The Washington Glass School’s straightforward progression of classes helps crafters of all experience levels become accomplished glass-artists, demystifying the only art form that combines the chromatic range of oil painting, the practical aesthetics of ceramics, and the high temperatures of burnt-toast-portraiture. The illustrious staff includes Fulbright Scholars, eco-creators, and artists with permanent exhibits at the Smithsonian and the Art Institute of Chicago. The studio also serves as a resource facility for other artists: the Artist Incubator program provides seasoned crafters with studio space for new independent and collaborative works.
Is Terasol an art gallery, a coffee shop or a French bistro? Yes to all, actually. This Chevy Chase spot serves three square meals a day from its charming café space, where warm lighting and a plate-glass window light up the ample woodwork inside. Even more color comes from the large amount of artisan jewelry, pottery and crafts that hang on the walls or sit inside long, open shelves. As much an artistic shop for locally-made goods as it is a restaurant, Terasol supports DC’s creative side with occasional showings and constant displays of beautiful wares. Of course, they also support the old French countryside, with a rustic menu that ticks off great dishes like a checklist: French onion soup, beef bourguignon, mussels and frites. A warming quiche is available , and the croque monsieur will satisfy the largest of appetites.
A nonprofit community arts center, VisArts fills its studios with artists learning techniques of creative expression, and acts as an exhibition opportunity for seasoned creators. Classes span a wide artistic spectrum, including concentrations such as ceramics and glass, many of which can be specifically tailored for the educational needs of children or resurrected Renaissance men in need of a new hobby. VisArts also enriches the community with a trifecta of galleries?the Kaplan, Gibbs Street, and Common Ground?and a thriving resident-artist program.
"I am magnificent. I am powerful," is the mantra fitness instructor Carl J. Powell III strives to instill into his students, hoping to empower them with the knowledge that they can take charge of their health. To help students make these changes, Carl—a wellness guru who has been featured in Ebony magazine—has made more than 20 fitness videos, and has traveled the world training dancers. His team of instructors leads private and group fitness classes at The Magnificent Body. They lead Pilates, yoga, and three styles of barre, which blends ballet, yoga, and Pilates exercises to sculpt long, lean figures. Before students come to their first class, Carl assesses their athletic abilities and fitness goals in a 30-minute personal consultation.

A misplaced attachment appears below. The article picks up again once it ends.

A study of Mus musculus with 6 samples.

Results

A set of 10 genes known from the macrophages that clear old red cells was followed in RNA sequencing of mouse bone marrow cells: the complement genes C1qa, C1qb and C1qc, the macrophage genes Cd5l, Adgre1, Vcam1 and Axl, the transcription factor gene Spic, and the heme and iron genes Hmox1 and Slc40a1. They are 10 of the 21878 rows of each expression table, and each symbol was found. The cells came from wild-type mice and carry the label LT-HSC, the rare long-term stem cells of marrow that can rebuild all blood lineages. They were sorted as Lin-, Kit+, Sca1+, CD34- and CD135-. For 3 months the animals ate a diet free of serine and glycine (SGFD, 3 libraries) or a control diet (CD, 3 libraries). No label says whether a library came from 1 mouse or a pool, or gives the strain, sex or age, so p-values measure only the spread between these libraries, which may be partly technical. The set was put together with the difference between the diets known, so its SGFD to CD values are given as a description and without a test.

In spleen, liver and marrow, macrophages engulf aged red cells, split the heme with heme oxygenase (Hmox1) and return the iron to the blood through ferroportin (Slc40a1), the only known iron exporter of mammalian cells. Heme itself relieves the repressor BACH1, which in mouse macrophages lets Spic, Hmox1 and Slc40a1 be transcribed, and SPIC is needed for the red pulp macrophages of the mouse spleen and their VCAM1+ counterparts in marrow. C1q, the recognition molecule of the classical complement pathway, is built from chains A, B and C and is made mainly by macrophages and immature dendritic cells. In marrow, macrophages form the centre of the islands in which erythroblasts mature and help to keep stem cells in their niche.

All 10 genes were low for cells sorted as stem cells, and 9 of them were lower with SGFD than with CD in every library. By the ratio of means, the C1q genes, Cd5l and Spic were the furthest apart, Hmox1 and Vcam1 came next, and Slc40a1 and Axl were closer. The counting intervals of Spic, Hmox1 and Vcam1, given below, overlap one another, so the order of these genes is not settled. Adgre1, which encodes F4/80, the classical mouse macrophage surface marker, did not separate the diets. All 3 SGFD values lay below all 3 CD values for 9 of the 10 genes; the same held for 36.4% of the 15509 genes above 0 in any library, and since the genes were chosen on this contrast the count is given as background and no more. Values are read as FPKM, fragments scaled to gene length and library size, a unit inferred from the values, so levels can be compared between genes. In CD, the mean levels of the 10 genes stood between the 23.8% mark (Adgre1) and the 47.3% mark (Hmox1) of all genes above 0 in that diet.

Further encouraging folks to live healthier lifestyles, Carl hosts Magnificent Living, a one-hour talk show that airs on Laurel Cable. Six days a week, he doles out exercise and diet advice, such as eating fruits and veggies instead of butter sculptures.
In June 2010, after a late-night session of painting, drinking, and generally rousting about with a group of friends, magazine editor Michael M. Clements found himself pondering an unshakeable question: “Wouldn’t it be great if we could do this at a bar?” The seeds of ArtJamz sprouted almost immediately into a traveling party, where the caterers brought not only beer and wine but also all-you-can-paint palettes, for-sale blank canvases, and invaluable artistic expertise. In the two years since that fateful, paint-spattered night, ArtJamz has become a citywide phenomenon, organizing collaborative events with the Corcoran Gallery of Art and the Smithsonian American Art Museum, and finally realizing the founding fathers’ vision of a tie-dyed capitol building.
Although these creative enablers still operate pop-up events at galleries and retail spaces across D.C., the brand-new, 1,800-square-foot permanent studio in Dupont Circle has an open-house policy to enable paint parties seven days a week. Freestyle paint sessions and classes are offered, charging separatley for studio time, canvas, and drinks. Day hours keep artists aged 5–18 in mind, whereas nightly sessions feature beer, wine, and creative cocktails for the 21+ set. More than 32 distinct colors await inspired brushes, and the walls of the cozy venue are fair game for a fresh coat. A trained staff is always on hand to offer advice if needed or requested, and to make sure nobody loses an ear.